An Israeli air strike hits a Gaza church that wasn’t just sheltering Palestinian Christians and Muslims, but was one of the oldest in the world

Reports say at least eight Palestinians were killed.

Days after a hospital was hit, an Israeli air strike hit an orthodox Greek church in Gaza that was housing around 500 Palestinian people who had fled their homes, the Hamas-controlled interior ministry has said. Responding, Church authorities too have held Israel responsible for the devastation.

The Greek Orthodox Saint Porphyrius Church is the oldest church in Gaza. According to Al Jazeera, a priest at the church had actually predicted that it would be targeted, since both local communities, Muslims and Christians were sheltering there. Any strike on the church, Father Elias had said, “would not only be an attack on religion, which is a vile deed, but also an attack on humanity”.

The Washington Post reports it has “geolocated the strike and confirmed the location of the church based on a video that shows people searching through rubble of a destroyed building”.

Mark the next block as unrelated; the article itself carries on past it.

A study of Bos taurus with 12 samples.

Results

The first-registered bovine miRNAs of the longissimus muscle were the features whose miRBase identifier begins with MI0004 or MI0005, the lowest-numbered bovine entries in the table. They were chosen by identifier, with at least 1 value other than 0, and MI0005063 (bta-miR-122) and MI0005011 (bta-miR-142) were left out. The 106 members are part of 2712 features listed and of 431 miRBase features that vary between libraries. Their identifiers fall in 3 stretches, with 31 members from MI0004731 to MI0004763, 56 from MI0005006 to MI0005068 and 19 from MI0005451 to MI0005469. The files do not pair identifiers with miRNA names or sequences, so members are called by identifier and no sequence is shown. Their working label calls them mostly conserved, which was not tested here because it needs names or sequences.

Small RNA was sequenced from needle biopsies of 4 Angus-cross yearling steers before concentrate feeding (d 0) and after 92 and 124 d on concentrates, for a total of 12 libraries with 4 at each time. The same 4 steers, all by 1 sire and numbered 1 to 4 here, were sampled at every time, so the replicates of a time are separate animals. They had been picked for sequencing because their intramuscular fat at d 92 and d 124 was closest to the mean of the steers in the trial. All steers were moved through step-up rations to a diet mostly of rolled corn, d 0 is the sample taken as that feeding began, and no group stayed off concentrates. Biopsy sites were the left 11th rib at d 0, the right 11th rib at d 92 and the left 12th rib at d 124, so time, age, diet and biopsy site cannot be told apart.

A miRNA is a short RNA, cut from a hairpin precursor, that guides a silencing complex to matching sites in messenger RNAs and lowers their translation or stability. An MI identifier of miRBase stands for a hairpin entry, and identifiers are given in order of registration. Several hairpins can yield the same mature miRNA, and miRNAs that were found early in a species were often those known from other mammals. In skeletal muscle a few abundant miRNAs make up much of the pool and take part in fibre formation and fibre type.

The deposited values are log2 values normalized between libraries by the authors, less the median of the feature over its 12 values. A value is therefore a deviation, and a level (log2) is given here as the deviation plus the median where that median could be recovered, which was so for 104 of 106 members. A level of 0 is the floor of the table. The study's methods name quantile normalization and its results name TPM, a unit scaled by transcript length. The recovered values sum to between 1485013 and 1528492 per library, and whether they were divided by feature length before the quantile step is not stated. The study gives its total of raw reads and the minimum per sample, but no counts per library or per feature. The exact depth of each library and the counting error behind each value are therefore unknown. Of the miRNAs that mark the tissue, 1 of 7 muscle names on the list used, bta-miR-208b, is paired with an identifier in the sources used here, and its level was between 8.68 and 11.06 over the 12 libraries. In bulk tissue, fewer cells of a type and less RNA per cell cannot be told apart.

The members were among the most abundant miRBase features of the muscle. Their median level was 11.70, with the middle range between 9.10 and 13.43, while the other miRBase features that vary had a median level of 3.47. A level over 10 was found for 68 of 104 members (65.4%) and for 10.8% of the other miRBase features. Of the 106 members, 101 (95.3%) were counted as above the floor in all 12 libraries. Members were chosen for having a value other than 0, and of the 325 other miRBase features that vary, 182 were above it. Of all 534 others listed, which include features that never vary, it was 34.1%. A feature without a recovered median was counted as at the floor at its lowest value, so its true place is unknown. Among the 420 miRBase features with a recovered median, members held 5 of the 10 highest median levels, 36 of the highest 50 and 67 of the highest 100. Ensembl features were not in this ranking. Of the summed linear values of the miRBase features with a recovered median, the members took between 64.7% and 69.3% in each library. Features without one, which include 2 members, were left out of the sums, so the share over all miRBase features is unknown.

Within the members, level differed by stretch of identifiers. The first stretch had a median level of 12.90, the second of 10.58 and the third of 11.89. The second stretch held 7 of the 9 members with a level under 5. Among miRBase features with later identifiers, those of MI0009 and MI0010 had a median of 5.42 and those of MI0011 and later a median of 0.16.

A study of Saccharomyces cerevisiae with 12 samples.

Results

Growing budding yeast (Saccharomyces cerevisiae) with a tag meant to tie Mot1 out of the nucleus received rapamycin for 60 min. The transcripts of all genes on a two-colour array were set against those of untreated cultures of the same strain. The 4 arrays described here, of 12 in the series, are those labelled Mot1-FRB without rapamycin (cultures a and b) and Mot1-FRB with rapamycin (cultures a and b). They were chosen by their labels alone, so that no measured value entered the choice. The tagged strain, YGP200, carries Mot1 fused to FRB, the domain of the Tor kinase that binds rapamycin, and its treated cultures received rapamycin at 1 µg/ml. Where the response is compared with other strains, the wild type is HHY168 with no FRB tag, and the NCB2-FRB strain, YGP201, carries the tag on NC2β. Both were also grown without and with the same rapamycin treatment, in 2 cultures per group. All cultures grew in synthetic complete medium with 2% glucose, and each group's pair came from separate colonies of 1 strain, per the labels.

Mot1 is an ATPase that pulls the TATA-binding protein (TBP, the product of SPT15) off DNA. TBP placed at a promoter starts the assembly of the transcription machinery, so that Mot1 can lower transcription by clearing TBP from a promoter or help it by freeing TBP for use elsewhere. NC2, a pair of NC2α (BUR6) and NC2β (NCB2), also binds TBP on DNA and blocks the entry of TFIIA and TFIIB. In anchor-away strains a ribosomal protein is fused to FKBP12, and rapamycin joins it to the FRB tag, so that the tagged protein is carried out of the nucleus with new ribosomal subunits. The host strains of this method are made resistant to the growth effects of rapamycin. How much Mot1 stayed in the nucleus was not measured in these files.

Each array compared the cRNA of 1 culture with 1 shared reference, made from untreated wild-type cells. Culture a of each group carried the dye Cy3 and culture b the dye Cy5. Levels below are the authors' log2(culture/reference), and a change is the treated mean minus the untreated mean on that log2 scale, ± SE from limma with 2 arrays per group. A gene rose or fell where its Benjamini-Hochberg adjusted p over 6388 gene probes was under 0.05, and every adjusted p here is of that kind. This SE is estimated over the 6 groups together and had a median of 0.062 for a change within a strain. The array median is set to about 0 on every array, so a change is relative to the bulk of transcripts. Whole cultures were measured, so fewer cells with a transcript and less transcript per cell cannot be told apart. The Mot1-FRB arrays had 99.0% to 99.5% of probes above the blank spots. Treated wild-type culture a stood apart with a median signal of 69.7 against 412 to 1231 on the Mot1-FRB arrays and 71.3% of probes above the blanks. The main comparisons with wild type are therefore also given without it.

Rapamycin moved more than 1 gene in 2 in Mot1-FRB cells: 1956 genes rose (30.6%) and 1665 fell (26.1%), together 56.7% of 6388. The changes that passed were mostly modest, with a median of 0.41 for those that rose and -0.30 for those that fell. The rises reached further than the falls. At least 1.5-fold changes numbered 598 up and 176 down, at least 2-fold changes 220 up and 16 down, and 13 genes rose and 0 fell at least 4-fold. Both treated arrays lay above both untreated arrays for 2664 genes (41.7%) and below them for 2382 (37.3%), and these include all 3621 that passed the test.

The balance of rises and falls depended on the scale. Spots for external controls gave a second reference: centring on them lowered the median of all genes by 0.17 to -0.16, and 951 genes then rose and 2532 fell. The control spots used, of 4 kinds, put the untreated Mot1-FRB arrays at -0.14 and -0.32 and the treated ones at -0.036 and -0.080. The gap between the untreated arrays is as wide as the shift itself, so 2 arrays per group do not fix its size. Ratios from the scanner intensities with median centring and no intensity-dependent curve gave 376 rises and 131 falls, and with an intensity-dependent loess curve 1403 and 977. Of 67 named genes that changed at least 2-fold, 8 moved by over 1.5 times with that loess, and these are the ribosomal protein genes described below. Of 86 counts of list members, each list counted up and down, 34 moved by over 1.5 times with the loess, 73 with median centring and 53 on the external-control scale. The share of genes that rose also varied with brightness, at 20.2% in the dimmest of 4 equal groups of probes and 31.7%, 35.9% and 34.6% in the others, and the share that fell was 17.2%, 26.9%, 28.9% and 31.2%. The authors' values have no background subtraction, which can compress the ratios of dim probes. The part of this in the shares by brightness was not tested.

The Order of Saint George, an associated order of the church, has issued a statement confirming that the church has been destroyed. “Archbishop Alexios appears to have been located and is alive, but we don’t know if he is injured. We have no word on the condition of any other of the more than 500 people being housed at the church and monastery, including the person who has been our source for most of our information,” the statement reads.

“The bombs hit the two church halls where the refugees, including children and babies, were sleeping. Presently, survivors are searching the rubble for other casualties. Our source at the scene says that they estimate that 150-200 people are dead, and that number is expected to rise as more people are found in the wreckage,” it continues.

According to the Ministry of Health in Gaza, 3,000 people have been killed since October 7 and 12,500 injured. In Israel, more than 1,400 people were killed in Hamas’s surprise attack on October 7 and its aftermath.